The Autism Parent Group Library

Recently-ish I attended an Autism Parent Support Group Meeting.

I wrote a bit about my experience in the link above and it was a difficult post to write up, but there’s still so much more I have to say about that meeting. So in an effort to keep some momentum going and get through this topic myself, I’m going to say a few words about the group’s library. This will hopefully be a somewhat lighter post both to read and write.

I will not be discussing many details about the books – mainly just noting the ratio of different sorts of autism-focused books. I have always believed that one can learn a great deal about someone by what books are on their shelves and groups are really no different. I’ve attended many parenting groups over the years (mainly focused on things like breastfeeding, gentle parenting, and childbirth) and their libraries were quite accurate pictures of the groups’ beliefs and priorities.

Sadly I didn’t get to take too many notes about the library. The people in the group seemed to be almost aggressive in their insistence that people who showed even the slightest bit of interest in the library check out some books, but I’ve really got enough to read right now (possible book reviews coming in the future!) and I mainly wanted to see what sorts of materials they were making available and considered to be valuable resources.

So I had to try and appear less interested in the books than I really was.

They had four different Autistic-authored books available in their library of forty total books. Ten percent is terrible to begin with, plus all the Autistic-authored books were memoirs! There’s nothing wrong with memoirs, of course, but they had nothing at all addressing autism issues or theory from an Autistic perspective, and only one of the memoirs was written by an Autistic woman.

The other three Autistic-authored memoirs were written by Autistic men, two of whom were white men (one from the UK and one from the US). The fourth was The Reason I Jump by Naoki Higashida, which gives some diversity although the intro to that book was horrible to get through. So much ableism. I’ve read some better things from David Mitchell written since then, but I almost threw my copy of the book out a window about halfway through reading his introduction. That intro is really not something I would want an allistic parent of an Autistic child to read as a trusted resource. Not without some serious countering commentary, at least.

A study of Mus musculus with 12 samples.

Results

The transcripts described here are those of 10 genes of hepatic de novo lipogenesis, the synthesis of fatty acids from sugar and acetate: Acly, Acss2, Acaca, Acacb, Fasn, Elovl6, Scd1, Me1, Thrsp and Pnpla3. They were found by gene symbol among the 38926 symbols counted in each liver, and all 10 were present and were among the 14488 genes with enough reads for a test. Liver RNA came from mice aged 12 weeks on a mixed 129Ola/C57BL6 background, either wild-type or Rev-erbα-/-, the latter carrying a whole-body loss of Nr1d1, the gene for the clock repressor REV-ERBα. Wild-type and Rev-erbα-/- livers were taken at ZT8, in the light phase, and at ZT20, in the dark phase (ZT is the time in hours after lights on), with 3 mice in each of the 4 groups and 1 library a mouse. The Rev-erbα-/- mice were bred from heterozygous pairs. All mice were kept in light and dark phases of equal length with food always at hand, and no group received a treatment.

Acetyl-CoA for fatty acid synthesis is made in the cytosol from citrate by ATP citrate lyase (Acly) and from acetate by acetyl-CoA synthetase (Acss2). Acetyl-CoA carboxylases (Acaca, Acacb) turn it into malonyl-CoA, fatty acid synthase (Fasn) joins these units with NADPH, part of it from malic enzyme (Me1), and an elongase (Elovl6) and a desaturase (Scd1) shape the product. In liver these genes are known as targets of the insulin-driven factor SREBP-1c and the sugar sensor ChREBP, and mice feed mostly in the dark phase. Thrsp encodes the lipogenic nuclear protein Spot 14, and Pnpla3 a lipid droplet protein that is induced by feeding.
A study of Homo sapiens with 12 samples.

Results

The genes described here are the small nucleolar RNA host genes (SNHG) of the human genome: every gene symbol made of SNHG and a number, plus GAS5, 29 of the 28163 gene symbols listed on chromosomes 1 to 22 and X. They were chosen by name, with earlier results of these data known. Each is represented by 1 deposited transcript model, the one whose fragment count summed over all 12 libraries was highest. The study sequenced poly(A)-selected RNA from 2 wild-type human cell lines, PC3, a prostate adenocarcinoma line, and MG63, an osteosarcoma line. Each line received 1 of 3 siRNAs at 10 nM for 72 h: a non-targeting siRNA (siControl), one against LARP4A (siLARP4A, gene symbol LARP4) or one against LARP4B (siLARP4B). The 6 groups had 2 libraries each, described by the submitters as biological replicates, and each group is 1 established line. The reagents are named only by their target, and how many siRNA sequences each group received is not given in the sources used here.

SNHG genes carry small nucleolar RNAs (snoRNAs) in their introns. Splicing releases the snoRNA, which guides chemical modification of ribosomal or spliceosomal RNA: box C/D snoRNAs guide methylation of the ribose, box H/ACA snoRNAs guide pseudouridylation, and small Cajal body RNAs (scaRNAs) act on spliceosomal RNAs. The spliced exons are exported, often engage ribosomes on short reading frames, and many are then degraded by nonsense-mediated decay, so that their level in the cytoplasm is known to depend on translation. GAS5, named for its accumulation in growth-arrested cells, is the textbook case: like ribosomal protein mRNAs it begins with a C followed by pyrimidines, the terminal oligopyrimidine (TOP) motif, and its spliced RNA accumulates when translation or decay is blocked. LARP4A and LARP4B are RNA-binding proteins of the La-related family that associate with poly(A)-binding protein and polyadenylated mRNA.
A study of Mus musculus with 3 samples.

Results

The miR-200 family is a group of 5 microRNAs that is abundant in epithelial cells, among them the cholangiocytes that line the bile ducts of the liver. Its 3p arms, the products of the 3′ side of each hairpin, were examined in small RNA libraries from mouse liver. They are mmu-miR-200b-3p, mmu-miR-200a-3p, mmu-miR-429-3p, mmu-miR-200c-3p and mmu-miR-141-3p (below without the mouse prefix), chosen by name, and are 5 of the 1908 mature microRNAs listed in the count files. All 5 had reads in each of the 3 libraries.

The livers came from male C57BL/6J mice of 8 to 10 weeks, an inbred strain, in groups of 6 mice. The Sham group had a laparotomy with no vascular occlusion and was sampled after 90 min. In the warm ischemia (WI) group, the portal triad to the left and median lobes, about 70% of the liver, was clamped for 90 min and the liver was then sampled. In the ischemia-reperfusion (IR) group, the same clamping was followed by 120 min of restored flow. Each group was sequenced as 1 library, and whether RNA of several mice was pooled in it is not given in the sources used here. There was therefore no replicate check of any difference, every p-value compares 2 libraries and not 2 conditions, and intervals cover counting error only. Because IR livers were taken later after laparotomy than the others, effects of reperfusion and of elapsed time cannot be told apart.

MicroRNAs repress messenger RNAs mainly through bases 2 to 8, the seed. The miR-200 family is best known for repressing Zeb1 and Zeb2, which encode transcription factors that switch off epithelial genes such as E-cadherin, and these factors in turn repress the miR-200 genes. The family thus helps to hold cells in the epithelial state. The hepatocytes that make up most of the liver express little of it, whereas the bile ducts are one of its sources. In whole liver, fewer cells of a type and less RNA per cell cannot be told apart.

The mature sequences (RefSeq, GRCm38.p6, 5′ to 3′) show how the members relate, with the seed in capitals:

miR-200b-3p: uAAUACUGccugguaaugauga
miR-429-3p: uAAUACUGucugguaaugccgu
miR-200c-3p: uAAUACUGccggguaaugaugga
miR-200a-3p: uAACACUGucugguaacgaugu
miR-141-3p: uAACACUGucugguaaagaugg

One allistic academic author of all of them seemed to be compassionate. I didn’t write down the book title, but the author’s name is Judith F. Duchan. She’s an allistic PhD whose book (From google searching I think it must’ve been the book Communication Problems of Autistic Children: The Role of Context, which was published in 1982) seemed to advocate a good deal of understanding and compassion vs “cures” and “child training.”

That book stood out to me because it was one of only 2-3 allistic-authored books in the library that used identity-first language (Autistic people or children) vs person-first language (person or child with autism).

Of the remaining 35 books, a couple were sensory-friendly cookbooks, a couple more were academic-type books from allistic authors, and the entire remainder of their library, a full 75% of the total, were parent-authored and/or cure and training focused.

One of those books was a Jenny McCarthy book, because of course it was.

So, all in all, I was fairly distressed by the contents of the library. If it’s an accurate reflection of the group’s beliefs and priorities then it’s a horribly depressing reflection. It indicates to me that there’s ever so much work to do in my local area, as I suspect is the case in most US areas.

Those of us I know locally, including myself, are currently grappling with the question of how much we can reasonably expect ourselves to get involved in this sort of work. Even observing one meeting had a negative effect lasting weeks. There’s so much need in other areas too and we need to determine how our time and energy will be best spent.

I’m rather tempted to scrounge up some money as I’m able and periodically donate good books anonymously. That could help and would be relatively low time and energy spent.

One thing I do know is that, while learning about being Autistic has helped me personally beyond anything I could’ve ever imagined before, I can’t stop there. I have a long history of activism on the behalf of children who are being mistreated in the name of religion, medicine, and “discipline.” It’s well past time for me to start putting my experience into practice with this issue.